POSTED: July 24, 2014 7:04 p.m.
Photo by Paul Floeckher/

Board of Education Vice Chair Troy Alford welcomes new employees to the Effingham County School System “family.”


Kristen Richards injected spelling tests with stories, weaving the students’ lessons into the tales.

“The words that were your spelling words, she would have some story for them, and so it just made it really interesting,” Sauerland said. “It stuck with me all that time.”

Sauerland is being reunited with her former teacher, who is now the principal of Sand Hill Elementary. Sauerland will begin her teaching career on Richards’ faculty at SHES as a third-grade teacher.

“It’s interesting because you develop a different level of relationship with them when they come in and they’re all grown up,” Richards said.

Sauerland is one of about 100 new employees in the Effingham County School System this year. The newcomers — about two-thirds of them teachers — participated in an orientation with school officials Wednesday.

Along with sessions covering topics such as payroll, benefits, technology and ethics, the orientation included lunch and door prizes for the new employees.

“Even though we’re considered a large school district in the state of Georgia, we really still want to have that hometown feel,” said Superintendent Randy Shearouse. “We want the new employees to feel welcome. We want them to feel like they’ve found a home in Effingham, so they’ll stay with us for many years to come.”

That made an impression on Tricia Kerr, who will teach special education students at Sand Hill this year. Unlike Sauerland, who attended Effingham County schools from pre-kindergarten through her high school graduation, Kerr is new to the area after teaching in Pennsylvania and Texas.

“Everyone here is so friendly, so welcoming,” she said. “This was fantastic, with all the door prizes and people greeting you. That’s not how it has always been in the other districts where I’ve taught.”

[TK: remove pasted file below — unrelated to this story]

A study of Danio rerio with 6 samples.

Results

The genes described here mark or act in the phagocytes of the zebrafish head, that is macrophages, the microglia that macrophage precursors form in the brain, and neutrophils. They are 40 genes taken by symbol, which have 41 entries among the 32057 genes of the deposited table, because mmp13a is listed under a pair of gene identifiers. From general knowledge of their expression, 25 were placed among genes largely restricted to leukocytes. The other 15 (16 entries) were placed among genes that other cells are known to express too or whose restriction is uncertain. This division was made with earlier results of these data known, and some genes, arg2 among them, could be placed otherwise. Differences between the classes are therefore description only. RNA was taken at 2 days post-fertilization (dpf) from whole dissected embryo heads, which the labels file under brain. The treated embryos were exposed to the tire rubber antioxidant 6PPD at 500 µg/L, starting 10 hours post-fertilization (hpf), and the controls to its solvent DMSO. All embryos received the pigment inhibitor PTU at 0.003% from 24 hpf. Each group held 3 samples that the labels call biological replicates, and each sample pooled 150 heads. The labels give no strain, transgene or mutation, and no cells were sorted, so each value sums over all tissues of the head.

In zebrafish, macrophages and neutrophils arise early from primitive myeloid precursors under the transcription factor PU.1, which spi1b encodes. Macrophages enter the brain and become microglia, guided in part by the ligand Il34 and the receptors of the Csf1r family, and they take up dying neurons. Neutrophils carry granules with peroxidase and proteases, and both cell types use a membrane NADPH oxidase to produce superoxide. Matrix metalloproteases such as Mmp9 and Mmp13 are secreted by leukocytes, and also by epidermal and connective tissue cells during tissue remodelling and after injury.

Most of the new teachers are filling positions vacated by teachers who retired or moved to other school districts, according to Shearouse. However, the district also funded more than a dozen new teaching positions in this year’s budget.

The majority of those are elementary school teachers, to help reduce some class sizes, and special education teachers, Shearouse said. Though the budget remains tight, Effingham County received nearly $3 million more in state funding this year than last year.

“We were able to hire some additional folks because of that,” Shearouse said, “and all that’s just better for our students in Effingham County.”

Shearouse told the group gathered for orientation to expect a comment commonly heard from newcomers to the county — they moved to Effingham for its school system.

“That’s great,” he said, “but that puts a big responsibility on all of their shoulders, as well as ours, to make sure that we’re doing the best job that we can do.”

Kerr, a teacher for eight years, moved to Savannah in May when her husband was assigned to Hunter Army Airfield. She said she received a job offer in Bryan County and phone calls for interviews in Chatham County, but was drawn to the available position at Sand Hill Elementary.

“I just really liked that hometown feel,” she said. “I have to drive from Savannah to there, and it’s just so pretty.”

Sauerland, on the other hand, already had an appreciation of the area after growing up in Effingham. Her mother Jessica Sauerland also is a teacher, at Blandford Elementary.

“I’m very excited but very nervous,” she said about her first teaching job.

The younger Sauerland student-taught at Marlow Elementary and served as a parapro for half a year at Blandford Elementary after earning her degree in early childhood education from Armstrong Atlantic State University in December. She will teach math, science and social studies at Sand Hill, so she likely won’t utilize her former fifth-grade teacher’s spelling test technique any time soon.

“But maybe one day,” she said.

Ring the bell
See Tuesday’s Herald for our annual back-to-school edition, complete with school supply lists and the upcoming academic year calendar.